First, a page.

The arm of the Department of Homeland Security that's in charge of overseeing the nation's cybersecurity and communications infrastructure is continuing to sound the alarm around the dangers of unpatched Pulse Secure VPN servers.
In particular, CISA (Cybersecurity and Infrastructure Security Agency) is warning that unpatched servers continue to be an attractive target for attackers looking to push ransomware. In an alert it pushed over the weekend, CISA confirmed recent media reports that claimed that attackers have been using the servers to spread the REvil-Sodinokibi ransomware strain.
Unpatched Pulse Secure VPN servers remain an attractive target for malicious actors. @CISAgov released an Alert on continued exploitation of CVE-2019-11510 in Pulse Secure. Update ASAP! https://t.co/n7mx9juifv #Cyber #Cybersecurity #InfoSec
— US-CERT (@USCERT_gov) January 10, 2020
CISA is encouraging organizations if they haven't already to patch a remote code execution vulnerability (CVE-2019-11510) that's existed for quite some time in some of Pulse Secure's products. Pulse Secure actually disclosed the vulnerability and pushed patches to resolve it way back in April but it continues to be exploited by cybercriminals.
An attacker could use the vulnerability to compromise a vulnerable VPN server and in turn, gain access to active users and any plain-text credentials. As the vulnerability essentially hands compromised servers over to the attacker, it's possible for them to execute arbitrary commands on each client as they connect to the server.
The vulnerability, which is rated critical, exists in the following products:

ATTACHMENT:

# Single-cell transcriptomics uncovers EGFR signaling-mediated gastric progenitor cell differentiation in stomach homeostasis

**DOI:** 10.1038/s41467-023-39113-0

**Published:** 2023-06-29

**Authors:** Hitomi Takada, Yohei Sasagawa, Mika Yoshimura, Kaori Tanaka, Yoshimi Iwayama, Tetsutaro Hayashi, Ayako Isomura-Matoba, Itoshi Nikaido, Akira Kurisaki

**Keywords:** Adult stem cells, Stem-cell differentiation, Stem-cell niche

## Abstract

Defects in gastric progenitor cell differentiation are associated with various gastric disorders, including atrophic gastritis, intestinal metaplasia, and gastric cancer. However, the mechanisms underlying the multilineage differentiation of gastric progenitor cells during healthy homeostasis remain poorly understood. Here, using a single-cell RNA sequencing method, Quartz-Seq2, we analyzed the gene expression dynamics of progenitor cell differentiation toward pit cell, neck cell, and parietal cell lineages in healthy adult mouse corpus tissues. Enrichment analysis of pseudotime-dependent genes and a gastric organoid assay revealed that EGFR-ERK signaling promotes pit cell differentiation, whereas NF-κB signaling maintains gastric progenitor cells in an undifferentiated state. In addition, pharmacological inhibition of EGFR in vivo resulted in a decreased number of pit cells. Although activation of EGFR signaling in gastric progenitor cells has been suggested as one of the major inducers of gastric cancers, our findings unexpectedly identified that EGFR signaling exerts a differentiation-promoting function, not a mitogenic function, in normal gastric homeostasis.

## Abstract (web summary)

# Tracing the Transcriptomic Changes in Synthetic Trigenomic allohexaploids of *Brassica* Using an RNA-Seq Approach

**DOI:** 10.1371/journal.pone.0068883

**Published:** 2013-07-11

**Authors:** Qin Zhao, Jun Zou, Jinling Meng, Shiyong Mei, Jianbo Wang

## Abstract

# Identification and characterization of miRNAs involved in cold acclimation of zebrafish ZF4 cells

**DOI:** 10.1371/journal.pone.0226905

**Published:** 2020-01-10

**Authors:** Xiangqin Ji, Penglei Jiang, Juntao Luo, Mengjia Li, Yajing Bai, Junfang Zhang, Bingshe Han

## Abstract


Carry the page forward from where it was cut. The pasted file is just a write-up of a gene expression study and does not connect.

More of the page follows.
- Pulse Connect Secure 9.0R1 - 9.0R3.3
- Pulse Connect Secure 8.3R1 - 8.3R7
- Pulse Connect Secure 8.2R1 - 8.2R12
- Pulse Connect Secure 8.1R1 - 8.1R15
- Pulse Policy Secure 9.0R1 - 9.0R3.1
- Pulse Policy Secure 5.4R1 - 5.4R7
- Pulse Policy Secure 5.3R1 - 5.3R12
- Pulse Policy Secure 5.2R1 - 5.2R12
- Pulse Policy Secure 5.1R1 - 5.1R15
Despite being found 10 months ago, CISA said in its advisory on Saturday that it’s still seeing wide exploitation of the bug and that it expects those attacks to continue.
It can be argued Sodinokibi – also known as REvil - has been one of the hottest ransomware strains of the last six months. It crippled foreign currency exchange Travelex on New Year's Eve, forced the Albany International Airport to pay the ransom after files on its computers were encrypted Christmas Day, and has hit several IT services firms, including Complete Technology Solutions in Colorado and cloud management provider PerCSoft.
One Sodinokibi victim, Artech Information Systems, an IT staffing firm based in New Jersey, had some of its files spilled online earlier this month after it reportedly failed to pay a ransom. It was the first time the group behind the ransomware has released files stolen from companies impacted by malware.
To give an idea of what the attack surface is like for CVE-2019-11510, according to research carried out by Bad Packets, a cyber threat intelligence firm, there were roughly 3,825 Pulse Secure VPN servers that hadn't patched the vulnerabilty on January 4.